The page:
The DSRU’s epidemiologists conduct studies using CPRD, the UK’s database of NHS primary healthcare records

The DSRU’s epidemiologists are experienced in conducting studies using real-world data (RWD) from the Clinical Practice Research Datalink (CPRD), the NHS observational data service, based in the UK.

Regulators are increasingly recognising the importance of RWD during the pre- and post-marketing phases. The UK healthcare system is well-suited to the RWD approach, and the CPRD research service provides unique opportunities for researchers to utilise the power of a longitudinal health dataset to answer a range of research questions.

CPRD Data

The DSRU team uses CPRD data in a variety of study designs.

DSRU uses CPRD data to investigate various research questions in pharmacovigilance and pharmacoepidemiology, including:

  • Studies to fulfil post-authorisation regulatory requirements (PASS), including those which form part of the product’s risk management plan
  • Studies to support drug development, marketing authorisation application and extension of license
  • Drug utilisation studies
  • Safety studies investigating exposures and outcomes of interest over time

The CPRD dataset contains electronic primary healthcare records of 16 million active patients and is representative of the wider UK population. For further information about CPRD, click here.

Case Study 1

Extension of product licence

  • We were approached by a company which requested a CPRD study to support extension of a product licence to a new age group of patients.
  • CPRD was chosen because it reflects real-world use from electronic medical records and can provide information on use in groups which are not covered by the current licence.
  • Real-world data is becoming used more frequently to support licence extension applications and has several advantages over clinical trials, including lower costs.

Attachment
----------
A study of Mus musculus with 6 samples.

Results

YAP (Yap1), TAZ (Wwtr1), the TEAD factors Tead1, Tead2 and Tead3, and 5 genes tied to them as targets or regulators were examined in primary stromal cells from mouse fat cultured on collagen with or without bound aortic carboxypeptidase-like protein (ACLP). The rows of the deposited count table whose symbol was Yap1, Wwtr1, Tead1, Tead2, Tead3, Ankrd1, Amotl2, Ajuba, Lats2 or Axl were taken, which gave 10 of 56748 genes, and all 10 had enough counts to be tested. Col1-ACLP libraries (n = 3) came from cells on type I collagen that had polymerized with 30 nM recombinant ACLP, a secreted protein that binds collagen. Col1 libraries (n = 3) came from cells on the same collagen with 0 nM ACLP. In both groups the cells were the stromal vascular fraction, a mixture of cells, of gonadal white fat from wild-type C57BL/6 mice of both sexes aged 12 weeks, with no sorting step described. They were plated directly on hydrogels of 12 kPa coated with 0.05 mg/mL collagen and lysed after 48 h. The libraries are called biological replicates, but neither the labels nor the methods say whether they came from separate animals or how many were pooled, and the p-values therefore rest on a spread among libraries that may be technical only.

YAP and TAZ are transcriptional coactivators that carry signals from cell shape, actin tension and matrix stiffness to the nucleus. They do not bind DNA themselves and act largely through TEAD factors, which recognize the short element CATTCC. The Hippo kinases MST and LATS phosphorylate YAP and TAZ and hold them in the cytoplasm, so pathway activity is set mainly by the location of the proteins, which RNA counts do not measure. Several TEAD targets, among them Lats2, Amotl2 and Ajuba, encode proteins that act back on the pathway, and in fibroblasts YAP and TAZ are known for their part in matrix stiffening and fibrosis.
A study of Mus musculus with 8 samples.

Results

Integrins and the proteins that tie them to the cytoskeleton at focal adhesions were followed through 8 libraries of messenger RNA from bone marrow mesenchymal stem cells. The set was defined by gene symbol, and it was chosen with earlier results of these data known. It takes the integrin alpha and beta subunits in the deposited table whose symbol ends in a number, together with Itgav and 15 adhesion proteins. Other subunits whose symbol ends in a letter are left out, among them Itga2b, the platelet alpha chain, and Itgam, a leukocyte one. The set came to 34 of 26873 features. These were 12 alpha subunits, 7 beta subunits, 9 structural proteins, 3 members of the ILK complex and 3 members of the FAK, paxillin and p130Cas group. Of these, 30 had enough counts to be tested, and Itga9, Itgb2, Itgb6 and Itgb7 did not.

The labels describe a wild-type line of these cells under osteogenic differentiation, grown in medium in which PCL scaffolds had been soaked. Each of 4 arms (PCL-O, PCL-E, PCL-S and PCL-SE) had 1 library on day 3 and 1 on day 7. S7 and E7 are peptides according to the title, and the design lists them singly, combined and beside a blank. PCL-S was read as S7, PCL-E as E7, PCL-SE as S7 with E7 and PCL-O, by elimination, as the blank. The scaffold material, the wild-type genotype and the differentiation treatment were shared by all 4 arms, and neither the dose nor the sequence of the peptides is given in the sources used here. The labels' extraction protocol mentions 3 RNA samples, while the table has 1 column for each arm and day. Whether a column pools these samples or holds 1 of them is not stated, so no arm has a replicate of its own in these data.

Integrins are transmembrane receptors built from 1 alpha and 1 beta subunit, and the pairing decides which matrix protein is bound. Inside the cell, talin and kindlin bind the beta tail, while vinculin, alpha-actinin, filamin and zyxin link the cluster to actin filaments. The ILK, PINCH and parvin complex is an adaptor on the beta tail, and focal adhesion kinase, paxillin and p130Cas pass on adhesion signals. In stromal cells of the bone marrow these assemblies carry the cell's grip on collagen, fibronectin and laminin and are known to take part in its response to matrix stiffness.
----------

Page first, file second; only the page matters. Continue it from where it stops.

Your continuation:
• The DSRU was able to advise that regulators frequently accept this type of study to support license extension applications.
  • A CPRD study was proposed to provide data on safety and utilisation of the medicinal product in an age group not covered by the current licence.
  • The study population comprised patients who received the product in the primary care setting in the UK within the new age group of interest.
  • Variables collected included age, sex, daily dose, duration of treatment, concomitant medications, prior medications, medical history, safety events, weight at baseline, test results at baseline and 3 months after starting treatment.
  • The DSRU team conducted the study on the CPRD GP Online Data (GOLD) database in the UK.
  • The study was completed within 8 weeks, including data extraction, preparation, analysis and production of final report.

Case Study 2

Use of CPRD data to monitor the safety of COVID-19 vaccines

  • The DSRU is collaborating with several other research institutions throughout Europe, under the VAccine monitoring Collaboration for Europe (VAC4EU) study network.
  • This independent network is conducting post-authorisation safety studies (PASS) for each of the COVID-19 vaccines marketed throughout Europe, to fulfil regulatory requirements set out by the European Medicines Agency (EMA).
  • The DSRU forms the UK arm of this international group.
  • We are using electronic primary healthcare record data from CPRD Aurum to monitor the safety of COVID-19 vaccines, contributing to studies on COVID-19 vaccines manufactured by Pfizer/BioNTech, AstraZeneca, and Moderna.
  • Each of these studies is monitoring the frequency of adverse events of special interest (AESI).
  • We use de-identified CPRD data to form cohorts of patients who have and have not received the COVID-19 vaccine of interest. We then use the medical records to search for those who have developed an AESI in each group. We compare the frequency of AESI within vaccinated individuals with the frequency of these events in unvaccinated patients.
  • In the Moderna vaccine study, there is also a signal detection step. Incidence rates of AESI are compared with pre-pandemic background event rates. This highlights any adverse events occurring within vaccinated individuals which are yet to be characterised.
  • Aggregate results from the UK arm are combined with aggregate results from the other research partners. The use of CPRD data in this way contributes to an overall picture of vaccine safety within Europe.
  • Regular interim reports are provided to the EMA, enabling the regulators to monitor the safety of these vaccines on an ongoing basis.
  • The final reports for each of the studies are expected in 2024.